The first and best place to go to find out what agents and publishers want in a query letter is on their webpage. All publishers will tell you their submission guidelines and many agents will augment that with what they want to see in a query.
Every email I send to an agent or a publisher starts with a query. (Thank you, Ms. Faust for the great advice.) Even after they have requested my manuscript, I always send them a query beginning with the sentence, “Thank you for requesting the full manuscript of blahdiblah.” And then I launch into my query. Yes, I cut and paste. Be careful as you can get you into trouble with the ol’ cut and paste.
The best responses I have gotten have been, besides the requests for a manuscript, of the type — wonderful idea, unique concept, intriguing concept, sounds interesting, — and end with “but not for me.” I always take the time to thank them for their reply. They don’t have to reply to you. Then, I move on and send those same people my next query for my next, already written novel, if I have one. (“Already written” is very important when paired with “novel”. It’s very different when writing nonfiction, like my soon to be written Cookbook.)
Remember when you had to write a resume and people would tell you, make it’s one page, and other people would tell you, make it as long as you need to detail your experience? Well, when writing a query, make it as short as possible. No one wants to read a long query letter. Your query is your one page resumé and the job you are interviewing for, auditioning for, is the job of a published author. Sell that novel. Get to the point and the point is business. The business of writers, especially now, as more writers take on the task of self-publishing, is business. In the relevant words of Mr. Johnson, “No man but a blockhead ever wrote, except for money.”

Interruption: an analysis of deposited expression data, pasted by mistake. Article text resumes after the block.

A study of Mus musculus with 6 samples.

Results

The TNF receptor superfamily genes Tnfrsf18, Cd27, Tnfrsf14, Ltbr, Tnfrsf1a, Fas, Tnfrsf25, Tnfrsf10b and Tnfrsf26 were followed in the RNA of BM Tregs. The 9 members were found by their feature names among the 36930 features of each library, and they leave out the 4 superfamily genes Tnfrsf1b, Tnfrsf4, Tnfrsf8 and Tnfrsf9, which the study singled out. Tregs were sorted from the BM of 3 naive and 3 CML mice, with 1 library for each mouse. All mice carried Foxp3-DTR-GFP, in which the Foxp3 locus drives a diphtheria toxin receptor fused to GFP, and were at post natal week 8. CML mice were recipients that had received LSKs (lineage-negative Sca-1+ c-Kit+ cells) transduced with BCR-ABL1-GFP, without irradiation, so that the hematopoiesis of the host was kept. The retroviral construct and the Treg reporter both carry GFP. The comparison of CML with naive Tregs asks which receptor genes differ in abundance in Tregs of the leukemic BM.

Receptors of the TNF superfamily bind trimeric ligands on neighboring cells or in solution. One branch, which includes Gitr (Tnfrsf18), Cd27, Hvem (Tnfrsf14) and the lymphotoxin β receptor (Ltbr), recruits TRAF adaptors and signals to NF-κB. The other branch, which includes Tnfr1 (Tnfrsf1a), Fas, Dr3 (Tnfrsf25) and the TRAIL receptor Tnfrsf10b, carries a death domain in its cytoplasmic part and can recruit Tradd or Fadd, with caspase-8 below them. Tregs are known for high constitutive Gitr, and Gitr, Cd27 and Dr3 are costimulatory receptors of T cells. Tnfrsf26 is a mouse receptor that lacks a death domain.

Make your novel sound exciting! This should be obvious but it isn’t an easy thing to do in a one paragraph synopsis or even in two paragraphs.
If you have anything relevant to say about marketing your new novel, nonfiction book, or if you have two large newsletters that go out every quarter, include that. If you have a platform to sell from, a soap box, a newsletter, a twitter account, mention that. I have all those things including a retail store and thousands of students who will buy my book once it is published. Remember, it’s all about commerce.
Try and relate your book to something relevant that is happening in the world. Are you writing a novel about terrorists? Bombing at an embassy? An outbreak of the flu? A pandemic? If it’s in the news, people are interested in it. Timing is everything.
If you are selling fiction, don’t tell them about your nonfiction credentials. (I am guilty of this. I have written a lot of nonfiction, as well as some fiction, in my time and I can’t help but mention it. Plus I write for two blogs and was a featured contributor/publisher for Foodbuzz.com. See? I can’t help but mention it.)
I mention briefly who I think my novel will appeal to.
And polish all the prose, correct typos, spelling errors and crappy grammar. Do the best you can. When you feel that your query letter is perfect, and it wont be, send it out and then get back to writing. No sense sitting around wringing your hands waiting for a response. It might be weeks or months or never.
I really can’t pretend to much knowledge. I’ve only been sending out queries for 2-3 years. Rather, I think you should just click on the following links and learn the art of query writing from the horse’s mouth:
Jessica Faust’s A Submission Reminder
(One of my favorites. Read all the posts in her blog. It is well worth reading.)
And finally, here is a very nice, short and to the point set of directions. Ms. Gardner has this on her website.
I follow Ms. Faust and Ms. Gardner on Twitter and also follow Ms. Gardner on Facebook. I follow the people I query. You never know what you might learn from their posts and tweets. I also follow publishers. So, what are you waiting for? Do your homework and get writing! Good luck.